Now streaming on Shudder, “After Midnight” is like a love letter with a jump scare built into it — a genuine Valentine for horror fans.
Grief itself is a monster, is it not? That’s certainly how it feels for anybody dealing with a loss, trauma or a rough breakup. Unresolved issues can stalk us like a predator in the night, waiting for us to let out guard down and consume us entirely, leaving behind only a hollow shell of the person you once were. We’ve all been there. A love that meant the world to you and ended abruptly. Emotions can fuck with you like that. Like the old saying goes, you don’t know what you got ‘til it’s gone.
That place of isolation and regret is where we find the lead character of Jeremy Gardner and Christian Stella’s After Midnight.
Hank (played by Gardner himself), a man living in a rural home outside of town, falls into depression and irritation when Abby, his girlfriend of ten years (the always endearing Brea Grant) leaves him completely out of the blue.
His friend Wade (The Wolf of Wall Street’s Henry Zabrowski) is there to console him. But as anybody can relate, not much helps to lift Hank out of his frustrated stupor resulting from his broken heart. Then something strange starts happening.
Some kind of creature begins to stalk and vandalize the property when midnight rolls around. It leaves scratch marks all over his front door and only seems to try to show itself when Hank isn’t paying enough attention. So in short, having to deal with a monster turning up on his doorstep after dark in addition to his romantic pain, Hank’s dealing with a lot.
Will he lose it? Will he conquer his demons, both emotional and physical? Whether the creature is trying to or not, it represents the nagging emotional baggage that won’t go away since Hank’s love got sick of him.
As high concept as this may sound, the film is actually more of dialogue driven character piece.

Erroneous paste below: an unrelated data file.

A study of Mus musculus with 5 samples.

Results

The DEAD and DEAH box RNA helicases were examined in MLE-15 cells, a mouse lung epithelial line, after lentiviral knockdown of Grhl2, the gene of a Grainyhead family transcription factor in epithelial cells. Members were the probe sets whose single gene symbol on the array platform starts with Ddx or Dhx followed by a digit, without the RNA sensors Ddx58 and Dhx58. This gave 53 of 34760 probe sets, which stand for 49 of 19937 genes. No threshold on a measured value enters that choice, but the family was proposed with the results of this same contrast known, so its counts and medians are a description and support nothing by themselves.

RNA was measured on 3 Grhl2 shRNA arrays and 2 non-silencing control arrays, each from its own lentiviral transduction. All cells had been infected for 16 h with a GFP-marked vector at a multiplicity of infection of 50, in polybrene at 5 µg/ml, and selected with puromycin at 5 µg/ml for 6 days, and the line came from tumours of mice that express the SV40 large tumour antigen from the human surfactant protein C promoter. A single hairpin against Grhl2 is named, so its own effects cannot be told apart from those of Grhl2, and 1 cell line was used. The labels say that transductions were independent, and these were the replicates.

No spoilers, but it does turn out we’re only hearing one side of the story and there’s more going on with this relationship drama than we think.
While it’s definitely a horror movie, it leans more into the romance aspect of the story. How Hank and Abby grew together and then pushed apart takes precedence over Hank’s ordeal in not only trying to take down the mysterious creature that’s taken a liking to his yard but also trying to convince people that it’s actually there.
Admittedly, towards the end, I was starting to think that the horror aspect was pasted on just to make the movie a bit more marketable. But lo and behold, both the love story and monster plot resolve each other in turn, which results in a brilliant, heart warming and surprisingly funny conclusion.Romance being the underestimated genre it is, it’s good to see that formula meld so well with a scary twist. The @Shudder exclusive AFTER MIDNIGHT brings two fairly simple ideas together to make something special and heartfelt. Click To Tweet
After Midnight is slow, yes. But stick with it, and by the end, you’ll find that the pacing earned a very satisfying ending.
Until next time, remember: love is a battlefield. Figuratively and literally. Act accordingly, and never take the people you love for granted. And keep a 12 gauge around in case you hear weird noises after dark. It sure as shit ain’t your partner clawing at the front door.